Grad student throws change up for baseball injury research

MEDIA RELEASE: 22 October 2019 – R00164

With the World Series set to get underway tonight in Houston, a team of Brock University researchers have uncovered information that could help teams understand what leads to fatigue and injuries in pitchers.

Richard Birfer (MSc ’19) led the research with his co-supervisors, Associate Professor Michael Holmes and Adjunct Professor Mike Sonne in the Department of Kinesiology which detailed fatigue in baseball pitchers as a process linked to lowered physical and mental performance, injury and changes in kinematics.

Their findings included a systematic review outlining the consequences of fatigue in baseball pitchers that was published in the open-access journal PeerJ. Birfer’s thesis also focused on the development of a tool to evaluate pitching mechanics.

Both have garnered lots of attention, including attracting potential partnerships from several Major League Baseball (MLB) teams and baseball development facilities.

“We provided coaches and scouts with photos of pitchers at a certain part of the throw that we know causes the most stress at the elbow,” said Holmes, who is the Canada Research Chair in Neuromuscular Mechanics and Ergonomics. “The coaches evaluated a pitcher’s posture and we compare the coach’s ability to determine joint angles to our gold standard motion capture system.”

The result was an easy-to-use, low-cost approach to assessing pitching mechanics.

The team created a pitching mound in the Neuromechanics and Ergonomics Lab at Brock and put reflective markers on a pitcher’s body, allowing them to track the three-dimensional motion of the markers to accurately capture movements, postures and joint angles.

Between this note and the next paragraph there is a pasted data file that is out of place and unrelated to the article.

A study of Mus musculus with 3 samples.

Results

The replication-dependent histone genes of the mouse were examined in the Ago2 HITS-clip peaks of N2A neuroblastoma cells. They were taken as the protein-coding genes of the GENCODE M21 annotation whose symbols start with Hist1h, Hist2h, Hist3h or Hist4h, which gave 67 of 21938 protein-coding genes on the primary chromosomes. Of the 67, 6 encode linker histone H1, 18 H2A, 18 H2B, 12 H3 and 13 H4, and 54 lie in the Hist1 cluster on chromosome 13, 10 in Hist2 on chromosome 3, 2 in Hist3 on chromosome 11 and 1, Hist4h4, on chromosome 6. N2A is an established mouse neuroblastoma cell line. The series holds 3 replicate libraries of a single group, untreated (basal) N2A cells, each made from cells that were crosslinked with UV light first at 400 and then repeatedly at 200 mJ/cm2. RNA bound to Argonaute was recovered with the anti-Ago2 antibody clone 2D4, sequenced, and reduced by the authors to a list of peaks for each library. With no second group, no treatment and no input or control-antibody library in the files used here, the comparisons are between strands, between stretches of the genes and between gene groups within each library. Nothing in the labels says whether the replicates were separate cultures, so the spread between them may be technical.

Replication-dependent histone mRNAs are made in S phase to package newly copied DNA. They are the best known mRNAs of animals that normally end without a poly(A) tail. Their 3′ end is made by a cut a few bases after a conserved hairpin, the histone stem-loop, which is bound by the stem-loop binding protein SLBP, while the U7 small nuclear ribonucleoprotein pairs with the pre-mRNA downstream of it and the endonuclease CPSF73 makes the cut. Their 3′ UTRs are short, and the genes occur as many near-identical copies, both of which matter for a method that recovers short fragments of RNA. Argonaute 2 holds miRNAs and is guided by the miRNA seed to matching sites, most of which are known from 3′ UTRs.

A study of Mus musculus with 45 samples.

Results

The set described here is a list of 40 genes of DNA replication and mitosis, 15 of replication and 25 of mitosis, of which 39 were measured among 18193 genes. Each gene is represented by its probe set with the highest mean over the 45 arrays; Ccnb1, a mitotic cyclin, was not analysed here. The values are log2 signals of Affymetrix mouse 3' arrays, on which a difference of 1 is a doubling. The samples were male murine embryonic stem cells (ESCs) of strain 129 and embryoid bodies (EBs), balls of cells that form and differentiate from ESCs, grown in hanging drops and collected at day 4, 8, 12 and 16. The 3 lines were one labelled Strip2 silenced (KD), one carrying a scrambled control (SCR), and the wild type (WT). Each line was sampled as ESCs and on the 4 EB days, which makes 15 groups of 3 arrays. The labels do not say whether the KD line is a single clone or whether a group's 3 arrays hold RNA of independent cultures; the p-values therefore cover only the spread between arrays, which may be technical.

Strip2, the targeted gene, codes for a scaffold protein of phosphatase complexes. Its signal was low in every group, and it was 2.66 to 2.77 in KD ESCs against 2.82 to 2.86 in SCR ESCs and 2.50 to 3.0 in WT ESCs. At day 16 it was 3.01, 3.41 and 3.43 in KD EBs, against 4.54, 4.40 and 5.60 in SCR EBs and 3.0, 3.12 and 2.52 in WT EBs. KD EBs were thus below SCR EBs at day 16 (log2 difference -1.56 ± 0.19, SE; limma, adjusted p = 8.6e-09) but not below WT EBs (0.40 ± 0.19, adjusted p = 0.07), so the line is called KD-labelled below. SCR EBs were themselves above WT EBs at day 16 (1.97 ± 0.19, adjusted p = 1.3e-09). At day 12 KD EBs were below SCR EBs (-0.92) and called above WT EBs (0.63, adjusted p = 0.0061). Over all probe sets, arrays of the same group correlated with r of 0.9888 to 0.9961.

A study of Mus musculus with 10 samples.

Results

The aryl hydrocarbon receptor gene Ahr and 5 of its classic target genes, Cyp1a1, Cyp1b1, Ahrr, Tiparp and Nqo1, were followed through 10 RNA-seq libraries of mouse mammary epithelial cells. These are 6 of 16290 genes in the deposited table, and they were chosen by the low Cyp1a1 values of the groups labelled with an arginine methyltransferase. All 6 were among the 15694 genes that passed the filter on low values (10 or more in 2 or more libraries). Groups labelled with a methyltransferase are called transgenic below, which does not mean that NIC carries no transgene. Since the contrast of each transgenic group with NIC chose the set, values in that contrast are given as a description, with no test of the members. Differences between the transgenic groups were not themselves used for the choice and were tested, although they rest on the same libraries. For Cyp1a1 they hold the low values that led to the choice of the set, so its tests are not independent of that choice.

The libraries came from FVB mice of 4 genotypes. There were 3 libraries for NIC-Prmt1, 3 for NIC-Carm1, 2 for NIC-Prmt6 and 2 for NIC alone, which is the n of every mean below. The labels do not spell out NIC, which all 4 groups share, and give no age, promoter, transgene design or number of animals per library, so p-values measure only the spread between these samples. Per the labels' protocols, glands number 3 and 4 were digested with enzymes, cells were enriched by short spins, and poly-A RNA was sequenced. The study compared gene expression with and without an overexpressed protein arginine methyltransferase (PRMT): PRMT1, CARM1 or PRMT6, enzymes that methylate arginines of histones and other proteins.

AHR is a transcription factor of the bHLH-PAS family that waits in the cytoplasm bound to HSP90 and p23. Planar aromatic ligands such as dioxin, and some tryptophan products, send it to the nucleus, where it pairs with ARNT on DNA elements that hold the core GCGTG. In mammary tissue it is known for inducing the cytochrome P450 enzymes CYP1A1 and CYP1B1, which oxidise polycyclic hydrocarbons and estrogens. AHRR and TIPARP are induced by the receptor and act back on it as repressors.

They created a system where the coaches would categorize a pitcher’s posture into a range of joint angles. The end goal is to develop a scoring system to suggest optimal pitching mechanics to maximize performance and minimize injury risk.

“If you do the same physical thing multiple times a day with minimal rest, eventually the tolerance level of our tissues get reduced, putting us at an increased risk for cumulative loading and injury,” said Holmes. “Pitchers throw hundreds of pitches a day and injuries can develop as a result of that. We’ve been applying a lot of what we know about ergonomics to baseball, which hasn’t really been done before.”

Sonne said Birfer’s connections to the baseball industry and general love for the game made him an invaluable addition to the project, which was sparked by an ergonomics-based model for understanding injury he created in 2016.

Birfer, who now works as a pitch design engineer for the Baseball Development Group in Toronto, said their findings allowed them to understand pitcher fatigue in a new light.

“With each pitch thrown, fatigue continues to accumulate,” he said. “Our research has shown that pitchers are willing to sacrifice optimal movement for maintaining performance, ultimately increasing the likelihood of injury.”

With Birfer now graduated and additional research needed, Ryan Bench, a master’s student in Kinesiology and varsity baseball player at Brock, is continuing the work under Holmes and Sonne.

“It has been incredibly rewarding to see the interest surrounding our pitching research at Brock University grow around the game of baseball,” said Birfer. “The attention we’ve been receiving from individuals within MLB organizations and baseball developmental facilities has been awesome.”

Members of the research team are available for media interviews regarding their research.

For more information or for assistance arranging interviews:

* Dan Dakin, Manager Communications and Media Relations, Brock University, 905-688-5550 x5353 or 905-347-1970

Brock University Marketing and Communications has a full-service studio where we can provide high definition video and broadcast-quality audio.